Investors Feel Almost No Risk Of Long-Term US Stock Market Downside

In a poll of my followers on LinkedIn and Twitter, I asked, “What US S&P500 average annual return do you expect over the next 10 years?” At the most extremes, 18% expected greater than 10%, while only 7% said less than zero percent. The majority said from 5-10%. In fact, most people see strong positive returns going forward.

But EV/EBITDA at 17.2x is way above average

The current trailing US EV/EBITDA at 17.2x is very high compared to its 10x average since 1990. This gives most value investors pause, but momentum investors are following this trend. Any investor who believes in the concept of reversion to the mean will be terrified by how clearly overvalued the US is.

The market hasn’t touched the Shiller CAPE 2000 peak

Robert Shiller’s cyclically adjusted PE ratio (CAPE) is now approaching 35x. It was only higher when it hit 42x during the dot com bubble in 2000. Consider that in 2000 US government long-term bonds were yielding about 5%, versus the current 1.5%. From this chart, you can see that the US market has been in a long bull run since the 1979 interest rate peak.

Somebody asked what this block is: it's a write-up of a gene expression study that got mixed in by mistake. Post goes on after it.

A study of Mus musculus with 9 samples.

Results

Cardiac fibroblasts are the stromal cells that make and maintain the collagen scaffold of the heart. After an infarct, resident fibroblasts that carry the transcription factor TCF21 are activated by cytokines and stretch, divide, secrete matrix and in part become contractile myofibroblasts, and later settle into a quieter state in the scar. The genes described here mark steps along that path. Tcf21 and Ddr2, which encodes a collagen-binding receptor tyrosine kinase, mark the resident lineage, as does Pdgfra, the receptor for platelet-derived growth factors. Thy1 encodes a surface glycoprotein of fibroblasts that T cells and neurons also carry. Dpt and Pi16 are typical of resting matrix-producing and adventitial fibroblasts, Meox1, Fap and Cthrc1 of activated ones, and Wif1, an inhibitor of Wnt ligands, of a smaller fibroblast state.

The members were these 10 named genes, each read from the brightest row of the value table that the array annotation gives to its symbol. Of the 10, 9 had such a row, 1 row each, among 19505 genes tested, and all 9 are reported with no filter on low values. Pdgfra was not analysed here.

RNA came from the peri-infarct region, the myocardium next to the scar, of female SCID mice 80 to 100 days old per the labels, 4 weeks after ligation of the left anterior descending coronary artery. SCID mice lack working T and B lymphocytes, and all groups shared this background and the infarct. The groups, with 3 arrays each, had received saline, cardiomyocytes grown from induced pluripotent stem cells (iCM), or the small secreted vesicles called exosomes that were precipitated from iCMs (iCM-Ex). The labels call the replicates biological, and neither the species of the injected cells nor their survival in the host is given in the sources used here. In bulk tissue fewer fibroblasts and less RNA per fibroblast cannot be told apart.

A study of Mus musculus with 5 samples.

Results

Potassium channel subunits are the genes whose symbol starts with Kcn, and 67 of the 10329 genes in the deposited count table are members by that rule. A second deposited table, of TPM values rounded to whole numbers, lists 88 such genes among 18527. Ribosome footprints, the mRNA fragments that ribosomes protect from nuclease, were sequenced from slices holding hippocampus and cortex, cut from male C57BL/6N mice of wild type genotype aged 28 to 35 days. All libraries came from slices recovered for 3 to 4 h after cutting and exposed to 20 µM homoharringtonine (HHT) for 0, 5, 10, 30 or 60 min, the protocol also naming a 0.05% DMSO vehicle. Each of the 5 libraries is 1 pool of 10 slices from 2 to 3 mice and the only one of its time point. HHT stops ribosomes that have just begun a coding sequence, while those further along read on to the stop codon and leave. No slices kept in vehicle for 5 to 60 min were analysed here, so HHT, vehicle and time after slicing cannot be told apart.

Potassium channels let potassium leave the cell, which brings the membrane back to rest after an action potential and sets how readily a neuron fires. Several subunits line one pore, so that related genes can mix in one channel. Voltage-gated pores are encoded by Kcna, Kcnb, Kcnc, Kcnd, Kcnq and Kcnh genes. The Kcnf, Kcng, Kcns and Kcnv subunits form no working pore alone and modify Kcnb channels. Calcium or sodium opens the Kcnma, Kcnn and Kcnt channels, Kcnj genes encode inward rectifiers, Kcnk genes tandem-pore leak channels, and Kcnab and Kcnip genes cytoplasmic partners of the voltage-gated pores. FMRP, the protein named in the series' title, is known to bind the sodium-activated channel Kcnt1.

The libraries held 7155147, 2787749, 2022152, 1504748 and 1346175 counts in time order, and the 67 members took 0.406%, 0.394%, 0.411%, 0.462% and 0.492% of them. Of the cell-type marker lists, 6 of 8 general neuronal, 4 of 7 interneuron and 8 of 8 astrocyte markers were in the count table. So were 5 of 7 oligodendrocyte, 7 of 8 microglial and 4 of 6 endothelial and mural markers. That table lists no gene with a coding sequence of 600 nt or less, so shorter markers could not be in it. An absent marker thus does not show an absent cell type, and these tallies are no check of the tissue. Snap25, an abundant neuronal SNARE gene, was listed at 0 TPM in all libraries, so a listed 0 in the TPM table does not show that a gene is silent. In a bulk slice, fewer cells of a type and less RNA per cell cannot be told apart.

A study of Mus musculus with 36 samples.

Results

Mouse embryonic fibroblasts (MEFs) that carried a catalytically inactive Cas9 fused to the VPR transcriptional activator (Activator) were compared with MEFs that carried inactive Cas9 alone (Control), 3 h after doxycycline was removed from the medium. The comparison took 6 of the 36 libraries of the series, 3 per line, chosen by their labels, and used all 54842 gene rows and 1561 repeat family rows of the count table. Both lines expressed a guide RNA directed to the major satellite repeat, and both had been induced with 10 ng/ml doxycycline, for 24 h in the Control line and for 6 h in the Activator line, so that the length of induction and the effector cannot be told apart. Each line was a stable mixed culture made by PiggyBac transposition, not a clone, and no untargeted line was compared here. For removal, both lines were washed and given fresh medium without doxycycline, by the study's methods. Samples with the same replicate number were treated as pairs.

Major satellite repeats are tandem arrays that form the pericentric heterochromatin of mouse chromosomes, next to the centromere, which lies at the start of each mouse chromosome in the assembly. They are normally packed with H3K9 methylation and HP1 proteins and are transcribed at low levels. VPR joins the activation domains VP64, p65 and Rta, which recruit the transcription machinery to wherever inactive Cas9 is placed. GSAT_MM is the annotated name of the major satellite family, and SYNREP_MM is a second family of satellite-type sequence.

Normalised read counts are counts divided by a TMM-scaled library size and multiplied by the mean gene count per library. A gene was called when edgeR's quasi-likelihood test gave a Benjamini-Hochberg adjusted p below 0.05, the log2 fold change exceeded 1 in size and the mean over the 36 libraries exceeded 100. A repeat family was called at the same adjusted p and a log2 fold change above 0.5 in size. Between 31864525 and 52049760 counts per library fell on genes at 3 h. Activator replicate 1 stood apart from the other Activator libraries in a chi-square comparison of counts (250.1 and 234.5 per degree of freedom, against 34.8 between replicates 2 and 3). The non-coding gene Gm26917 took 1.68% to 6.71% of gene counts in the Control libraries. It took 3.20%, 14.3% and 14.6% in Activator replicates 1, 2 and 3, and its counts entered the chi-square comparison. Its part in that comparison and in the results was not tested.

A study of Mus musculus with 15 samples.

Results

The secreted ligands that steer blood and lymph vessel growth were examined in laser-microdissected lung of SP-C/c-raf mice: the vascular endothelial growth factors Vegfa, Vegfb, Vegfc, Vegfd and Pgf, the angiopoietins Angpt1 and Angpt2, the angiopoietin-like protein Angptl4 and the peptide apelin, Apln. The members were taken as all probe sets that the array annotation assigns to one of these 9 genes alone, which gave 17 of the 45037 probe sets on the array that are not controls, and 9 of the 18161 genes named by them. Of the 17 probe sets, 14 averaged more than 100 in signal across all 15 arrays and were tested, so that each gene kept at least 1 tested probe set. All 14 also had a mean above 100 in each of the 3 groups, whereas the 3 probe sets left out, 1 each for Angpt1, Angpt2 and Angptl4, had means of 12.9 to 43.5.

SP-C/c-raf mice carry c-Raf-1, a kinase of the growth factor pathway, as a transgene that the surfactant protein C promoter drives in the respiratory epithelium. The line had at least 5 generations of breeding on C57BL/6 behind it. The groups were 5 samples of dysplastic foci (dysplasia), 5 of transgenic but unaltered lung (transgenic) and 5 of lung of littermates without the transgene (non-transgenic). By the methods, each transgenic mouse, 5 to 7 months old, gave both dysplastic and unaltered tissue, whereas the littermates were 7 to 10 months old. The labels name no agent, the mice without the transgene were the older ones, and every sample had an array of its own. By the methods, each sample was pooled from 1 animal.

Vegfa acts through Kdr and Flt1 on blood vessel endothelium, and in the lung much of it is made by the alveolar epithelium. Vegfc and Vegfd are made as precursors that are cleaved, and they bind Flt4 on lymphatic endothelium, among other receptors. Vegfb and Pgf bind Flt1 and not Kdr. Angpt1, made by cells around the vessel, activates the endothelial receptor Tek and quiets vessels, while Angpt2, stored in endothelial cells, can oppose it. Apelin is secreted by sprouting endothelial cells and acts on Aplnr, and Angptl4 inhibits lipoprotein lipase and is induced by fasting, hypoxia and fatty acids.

A fundamental investor knows that the value of a stock is largely dependent on the discount rate, which depends on the US bond rates. The current long-term US government bond rate of 1.5% is clearly supporting share prices. Suppose it was to reverse that it would spell the end of this current market peak. Based on this chart, a fundamental investor would say that the US market is now significantly overvalued.

Though expensive, we are not in uncharted territory

We calculated the US stock market EV/EBITDA for each month from 1990 to today. We then broke those into ten deciles from cheapest month to most expensive. After that, we asked, “How often was the market trading in that state?” We found that 20% of the time the US market traded in the decile of 8.1x to 8.8x EV/EBITA. Twelve percent of the time the market traded below 8.1x and 14% of the time the market was trading above the most expensive decile >12.3x. At 17.2x EV/EBITDA multiple, the US market is clearly expensive.